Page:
An astronaut enters suspended animation for a 40 year, round-trip voyage to another planet.
In the near future, astronaut Douglas Stansfield (played by Robert Lansing, Star Trek‘s Gary Seven) is selected to visit a planet 141 lightyears from Earth. It’s a 40 year round-trip, but Douglas will spend most of it in suspended animation.
Right before it’s time to go, Douglas bumps into Sandra Horn (Mariette Hartley) in the hallway and immediately asks her out on a date. The date goes very well, and despite knowing each other for only a couple hours, Douglas and Sandra are madly in love with each other.
Douglas goes on his trip, but decides to forego the whole suspended animation thing. That way he’ll age the same rate as Sandra, and they can be together as old people when he gets back.
But once the 40 years pass and Douglas returns, he finds that Sandra hasn’t aged at all because she went into suspended animation right after he left. Sandra still has feelings for the elderly Douglas, but he shoos her away.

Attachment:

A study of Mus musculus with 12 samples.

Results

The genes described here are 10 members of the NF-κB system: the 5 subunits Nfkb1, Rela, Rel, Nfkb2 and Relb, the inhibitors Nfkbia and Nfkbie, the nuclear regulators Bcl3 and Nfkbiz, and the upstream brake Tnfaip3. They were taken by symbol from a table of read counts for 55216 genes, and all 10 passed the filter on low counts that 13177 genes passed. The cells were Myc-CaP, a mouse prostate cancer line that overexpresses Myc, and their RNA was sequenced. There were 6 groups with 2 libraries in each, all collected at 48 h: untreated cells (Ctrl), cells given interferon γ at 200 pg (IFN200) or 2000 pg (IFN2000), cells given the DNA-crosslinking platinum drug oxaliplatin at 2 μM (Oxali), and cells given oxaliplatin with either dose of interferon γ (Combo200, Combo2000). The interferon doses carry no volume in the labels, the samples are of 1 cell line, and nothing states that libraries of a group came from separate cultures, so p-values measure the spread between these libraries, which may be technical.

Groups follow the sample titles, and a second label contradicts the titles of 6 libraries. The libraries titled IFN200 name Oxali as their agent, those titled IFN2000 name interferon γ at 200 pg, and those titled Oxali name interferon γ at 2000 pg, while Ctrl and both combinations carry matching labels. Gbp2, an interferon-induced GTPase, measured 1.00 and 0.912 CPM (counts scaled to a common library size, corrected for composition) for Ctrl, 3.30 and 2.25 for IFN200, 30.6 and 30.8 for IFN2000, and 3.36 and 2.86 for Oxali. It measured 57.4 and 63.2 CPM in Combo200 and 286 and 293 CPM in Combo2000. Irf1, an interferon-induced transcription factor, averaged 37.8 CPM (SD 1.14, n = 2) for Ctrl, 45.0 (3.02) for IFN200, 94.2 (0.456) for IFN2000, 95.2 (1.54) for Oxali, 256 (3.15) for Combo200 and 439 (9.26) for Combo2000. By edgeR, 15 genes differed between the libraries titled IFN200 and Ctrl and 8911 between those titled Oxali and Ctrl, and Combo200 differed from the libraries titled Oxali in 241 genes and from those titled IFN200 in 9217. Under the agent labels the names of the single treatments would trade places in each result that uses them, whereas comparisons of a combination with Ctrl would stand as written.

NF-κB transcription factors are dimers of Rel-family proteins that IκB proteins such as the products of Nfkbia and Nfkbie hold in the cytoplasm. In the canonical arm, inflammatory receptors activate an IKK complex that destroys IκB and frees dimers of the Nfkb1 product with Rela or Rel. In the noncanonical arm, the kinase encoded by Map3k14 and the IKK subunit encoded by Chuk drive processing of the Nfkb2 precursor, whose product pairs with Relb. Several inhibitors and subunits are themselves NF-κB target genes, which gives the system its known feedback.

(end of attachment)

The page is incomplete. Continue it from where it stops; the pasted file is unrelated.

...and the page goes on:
This one had a lot of promise, dealing with long-term space travel and its effects on relationships. But one major flaw in the backbone of the story brings it down: Douglas and Sandra’s relationship is too forced. All it takes is one date and Douglas is ready to give up 40 years of his life for her?
Douglas also came off as being a bit creepy. Not only was he a bit too strong in asking her out on the date, but he also sat in the spaceship for 40 years with only her on his mind! I’d hate to see what kind of mental shape he was in once he got back. We’re meant to believe this is the greatest love story ever told, but it’s actually a love story with squandered potential.
The fact that Sandra went into suspended animation comes as a surprise because we, the audience, didn’t know it was an option. But in the world of the story, it’s such an obvious solution – couldn’t she have told Douglas so they’d be on the same page?
By the way, what was his source of food during 40 years alone in that ship? Jetsons pills?